Fitch Ratings Predicts Further Decline in Spanish Property Prices

By - Wednesday 30 April 2014

A report issued by international credit ratings agency Fitch shows that although property prices in Spain are 30% below their 2007 peak, prices are still likely to continue falling in 2014, bottoming out in 2015.

Despite increased interest in the country's real estate, particularly from non-EU buyers following the introduction of the 'Golden Visa' scheme in September 2013, over one million properties remain unsold which is expected to prevent price inflation for at least another year.

Another factor forcing prices downwards is the increased de-leveraging activity of Spanish banks. Throughout 2013 banks became more willing to offload retail residential assets at deep discounts in bids to clean up their balance sheets. Significant discounts of up to 70% are available when purchasing a bank-repossessed property in Spain and some are available with 100% financing although interest has not been significant enough to improve property prices overall.

Fitch expects that property will become more affordable as prices decline and incomes increase moderately and this ratio should improve further in 2014. For the meantime however, the mortgage market remains depressed in the first quarter and is expected to remain so for the rest of the year with new mortgage lending volumes reaching a historical low of 100,000 which is less than 20% of peak year lending volumes.

The weakening of the mortgage market is a continuance from last year when by November, the number of mortgages granted had fallen by 26.6% year-on-year, which corresponds to €970 million in lost revenue and approximately 84% fewer mortgages being granted since the end of 2007. The lending landscape remains bleak although a significant pick-up in property sales to cash rich foreigners in certain regions of Spain is providing a degree of buoyancy to the property market.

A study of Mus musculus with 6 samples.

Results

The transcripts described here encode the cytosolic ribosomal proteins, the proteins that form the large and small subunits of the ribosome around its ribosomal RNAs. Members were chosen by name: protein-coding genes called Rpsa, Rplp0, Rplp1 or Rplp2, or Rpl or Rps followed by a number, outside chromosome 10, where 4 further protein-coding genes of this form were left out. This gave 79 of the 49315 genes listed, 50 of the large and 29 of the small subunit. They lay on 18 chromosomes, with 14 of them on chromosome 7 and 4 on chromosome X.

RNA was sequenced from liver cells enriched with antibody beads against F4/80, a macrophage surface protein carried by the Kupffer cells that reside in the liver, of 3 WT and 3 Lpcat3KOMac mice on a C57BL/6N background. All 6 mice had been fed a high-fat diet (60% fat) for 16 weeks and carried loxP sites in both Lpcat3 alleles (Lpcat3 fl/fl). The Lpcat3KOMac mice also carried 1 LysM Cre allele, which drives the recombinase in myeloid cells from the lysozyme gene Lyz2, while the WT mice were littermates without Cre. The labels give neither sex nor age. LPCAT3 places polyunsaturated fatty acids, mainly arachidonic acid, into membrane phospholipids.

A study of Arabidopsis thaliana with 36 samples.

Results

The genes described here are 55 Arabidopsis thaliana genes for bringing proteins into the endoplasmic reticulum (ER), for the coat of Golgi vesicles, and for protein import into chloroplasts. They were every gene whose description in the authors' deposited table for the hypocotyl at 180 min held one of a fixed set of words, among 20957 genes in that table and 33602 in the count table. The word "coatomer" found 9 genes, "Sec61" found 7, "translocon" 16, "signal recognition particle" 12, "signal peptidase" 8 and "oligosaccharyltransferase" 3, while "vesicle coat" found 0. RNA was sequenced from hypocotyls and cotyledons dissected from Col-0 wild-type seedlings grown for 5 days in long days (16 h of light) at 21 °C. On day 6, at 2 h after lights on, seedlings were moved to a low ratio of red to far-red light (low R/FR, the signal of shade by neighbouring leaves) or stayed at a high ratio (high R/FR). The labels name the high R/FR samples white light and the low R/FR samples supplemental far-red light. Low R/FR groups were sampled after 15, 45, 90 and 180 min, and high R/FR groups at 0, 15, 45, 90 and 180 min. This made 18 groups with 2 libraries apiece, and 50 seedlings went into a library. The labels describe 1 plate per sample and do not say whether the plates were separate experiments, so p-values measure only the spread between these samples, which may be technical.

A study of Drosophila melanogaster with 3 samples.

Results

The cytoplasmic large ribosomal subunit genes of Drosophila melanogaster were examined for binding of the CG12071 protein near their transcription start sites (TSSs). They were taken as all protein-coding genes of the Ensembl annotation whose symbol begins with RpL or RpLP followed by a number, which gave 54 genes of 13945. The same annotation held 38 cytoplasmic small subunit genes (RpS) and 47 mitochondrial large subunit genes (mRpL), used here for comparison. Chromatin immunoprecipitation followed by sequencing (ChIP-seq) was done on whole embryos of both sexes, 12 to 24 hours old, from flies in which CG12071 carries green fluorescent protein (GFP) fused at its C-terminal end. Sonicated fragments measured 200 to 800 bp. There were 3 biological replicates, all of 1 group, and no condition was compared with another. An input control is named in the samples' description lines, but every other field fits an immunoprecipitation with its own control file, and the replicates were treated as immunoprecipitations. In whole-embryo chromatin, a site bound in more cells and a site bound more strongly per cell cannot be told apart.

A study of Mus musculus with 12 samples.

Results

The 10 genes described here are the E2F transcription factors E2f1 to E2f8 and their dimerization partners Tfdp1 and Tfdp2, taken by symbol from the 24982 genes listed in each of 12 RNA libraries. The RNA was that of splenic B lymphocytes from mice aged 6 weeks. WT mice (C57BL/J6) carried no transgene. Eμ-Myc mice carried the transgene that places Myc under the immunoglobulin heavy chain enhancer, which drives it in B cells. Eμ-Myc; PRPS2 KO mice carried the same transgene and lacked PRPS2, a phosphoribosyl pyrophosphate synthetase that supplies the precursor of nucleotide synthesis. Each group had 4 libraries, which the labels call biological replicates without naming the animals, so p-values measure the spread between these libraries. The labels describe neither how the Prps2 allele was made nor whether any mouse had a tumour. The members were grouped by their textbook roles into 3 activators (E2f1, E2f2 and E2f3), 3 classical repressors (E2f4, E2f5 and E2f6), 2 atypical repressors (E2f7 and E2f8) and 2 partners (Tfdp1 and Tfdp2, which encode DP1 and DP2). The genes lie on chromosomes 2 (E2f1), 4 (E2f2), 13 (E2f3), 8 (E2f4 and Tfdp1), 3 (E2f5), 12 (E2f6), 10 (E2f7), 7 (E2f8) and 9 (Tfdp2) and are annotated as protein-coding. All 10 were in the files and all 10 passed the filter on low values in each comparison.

Buyers needing to leverage their purchases may also be more cautious as mortgage performance is highly vulnerable to a rise in interest rates. Spanish Mortgages are mostly variable rate linked to Euribor which is currently at historical low levels but could revert to higher levels in the medium to long term and so buyer confidence is likely to remain subdued for some time.

There is distinct possibility that the Spanish property market will become more fragmented over the next year with prices inflating faster in the more popular areas on the coast of Southern Spain as a result of foreign interest and there is a possibility that this will lead to localised bubbles in the housing market.

Tinsa, a Spanish property appraisal company predicts that an improvement in demand will see the current glut of one million properties gradually reducing year-on-year by 2017. This is counteracted somewhat by the shortage of new properties coming on to the market. Developers were amongst the hardest hit by the financial crisis and the thousands of incomplete builds littering the coastal areas is testament to that fact.

Although low property prices will increase the appetite of the foreign investor looking for property bargains, for the 10.7% of Spanish mortgage holders in negative equity, the situation spells further misery. There are currently 580,000 who are stuck with their properties until the situation improves or they are forced to vacate. If house prices fall further as predicted, this number will swell to an estimated 710,386 negative-equity holders.